A previous post explored the legality of “free air sniffs” by drug-sniffing dogs and their K-9 officer handlers of the area around the car of an individual pulled over for a routine traffic violation. While a K-9 officer cannot unreasonably detain you in order to perform a “free air sniff” without probable cause and the K-9 officer cannot search inside your vehicle without either your consent or an “alert” from the dog, “free air sniffs” by drug-sniffing dogs have been approved by the U.S. Supreme Court.

Having a K-9 officer perform a “free air sniff” is enough to rattle the nerves of even the most innocent and blameless Florida driver. Knowing what to do when a “free air sniff” is performed can help you calm yourself and take appropriate action before, during, and after the “free air sniff” is performed.

Before the “Free Air Sniff”

  • When you see that officers are attempting to pull you over (i.e., you see the police vehicle’s emergency lights turn on), pull over in a well-lit and safe area if there is such an area nearby.
  • Cooperate with the police in providing your driver’s license, registration, and insurance information.
  • You do not need to answer the officer’s questions. Think carefully about whether you want to provide information to the officer. If you do decide to speak with the officer, do not volunteer any additional information beyond that which the officer requests.
  • The K-9 officer should request that you roll your windows up at least halfway before initiating the “free air sniff”. If the officer does not make such a request, ask the officer for permission to do so. This is to prevent the dog from jumping through your window and into your car, possibly causing you serious injury.
  • Obtain the name of the K-9 officer and the dog. This can be helpful in determining if this particular drug-sniffing dog has a history of “false positives” – alerting for the presence of drugs when in fact there are no such drugs present.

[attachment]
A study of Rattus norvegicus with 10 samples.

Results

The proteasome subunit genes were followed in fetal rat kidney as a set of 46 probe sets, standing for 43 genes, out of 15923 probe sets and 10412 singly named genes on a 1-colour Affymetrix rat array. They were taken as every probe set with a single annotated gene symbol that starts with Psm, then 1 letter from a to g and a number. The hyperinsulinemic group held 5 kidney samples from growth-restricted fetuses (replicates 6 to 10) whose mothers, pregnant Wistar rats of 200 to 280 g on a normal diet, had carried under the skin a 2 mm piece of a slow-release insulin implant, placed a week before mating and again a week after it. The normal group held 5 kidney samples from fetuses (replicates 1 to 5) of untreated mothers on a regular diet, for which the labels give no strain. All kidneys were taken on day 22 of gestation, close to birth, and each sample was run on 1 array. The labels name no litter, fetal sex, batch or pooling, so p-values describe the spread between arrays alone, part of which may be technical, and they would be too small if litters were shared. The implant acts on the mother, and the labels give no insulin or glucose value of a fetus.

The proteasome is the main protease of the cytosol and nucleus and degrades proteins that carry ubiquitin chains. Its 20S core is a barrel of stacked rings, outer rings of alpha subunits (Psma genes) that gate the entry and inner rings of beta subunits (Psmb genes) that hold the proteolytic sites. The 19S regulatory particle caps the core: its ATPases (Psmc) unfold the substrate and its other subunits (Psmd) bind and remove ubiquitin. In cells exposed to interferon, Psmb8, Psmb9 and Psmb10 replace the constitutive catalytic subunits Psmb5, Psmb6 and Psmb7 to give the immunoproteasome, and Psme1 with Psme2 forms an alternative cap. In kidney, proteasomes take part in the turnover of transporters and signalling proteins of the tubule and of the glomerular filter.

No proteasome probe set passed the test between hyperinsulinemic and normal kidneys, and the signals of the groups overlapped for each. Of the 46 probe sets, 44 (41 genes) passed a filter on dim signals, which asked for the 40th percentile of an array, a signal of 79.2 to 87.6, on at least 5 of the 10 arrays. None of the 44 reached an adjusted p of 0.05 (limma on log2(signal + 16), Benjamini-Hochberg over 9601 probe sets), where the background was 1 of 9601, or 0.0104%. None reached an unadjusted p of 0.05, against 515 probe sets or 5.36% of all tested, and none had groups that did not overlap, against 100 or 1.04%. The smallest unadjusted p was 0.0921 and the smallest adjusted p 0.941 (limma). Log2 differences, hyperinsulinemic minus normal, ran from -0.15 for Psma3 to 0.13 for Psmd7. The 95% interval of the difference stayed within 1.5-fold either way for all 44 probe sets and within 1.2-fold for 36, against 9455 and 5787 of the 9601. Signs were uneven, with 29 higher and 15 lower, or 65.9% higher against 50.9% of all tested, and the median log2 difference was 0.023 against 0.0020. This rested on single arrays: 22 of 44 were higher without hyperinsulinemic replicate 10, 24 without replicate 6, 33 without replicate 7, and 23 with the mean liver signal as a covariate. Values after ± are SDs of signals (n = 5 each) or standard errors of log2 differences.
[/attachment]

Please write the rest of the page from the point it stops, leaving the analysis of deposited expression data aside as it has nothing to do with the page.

During the “Free Air Sniff”

  • During the “free air sniff” remain in your vehicle and do not make sudden movements that could be interpreted as attempting to conceal illegal drugs or to reach for a weapon.
  • Take note of the precise time it takes the K-9 officer to complete the “free air sniff.”
  • Pay attention to the officer who is handling your traffic ticket: is he or she waiting for the “free air sniff” to be completed or is he or she busy writing your citation?
  • If you are asked to exit your vehicle so that it can be searched, cooperate with the police. You may be charged with additional offenses if you interfere with or impede their investigation. Any violation of your constitutional rights can be handled appropriately later during your criminal case.

After the “Free Air Sniff”

  • Take note of the length of time you are stopped and detained by police.
  • Be on alert for words from the officer(s) indicating you are free to leave. Some officers will attempt to continue conversing with you after telling you that you are free to go in hopes that you will continue to talk with them, thereby giving them additional time to formulate probable cause to detain, search, and/or arrest you.
  • Contact your South Florida criminal defense attorney right away, especially if you fear serious misdemeanor and/or felony charges will be filed against you. Attorney Jeffrey S. Weiner is an experienced criminal defense attorney and is able to advise Florida residents on how to protect their interests and liberties in the event of a “free air sniff.” You can reach his office at (305) 670-9919 or you may contact his office online.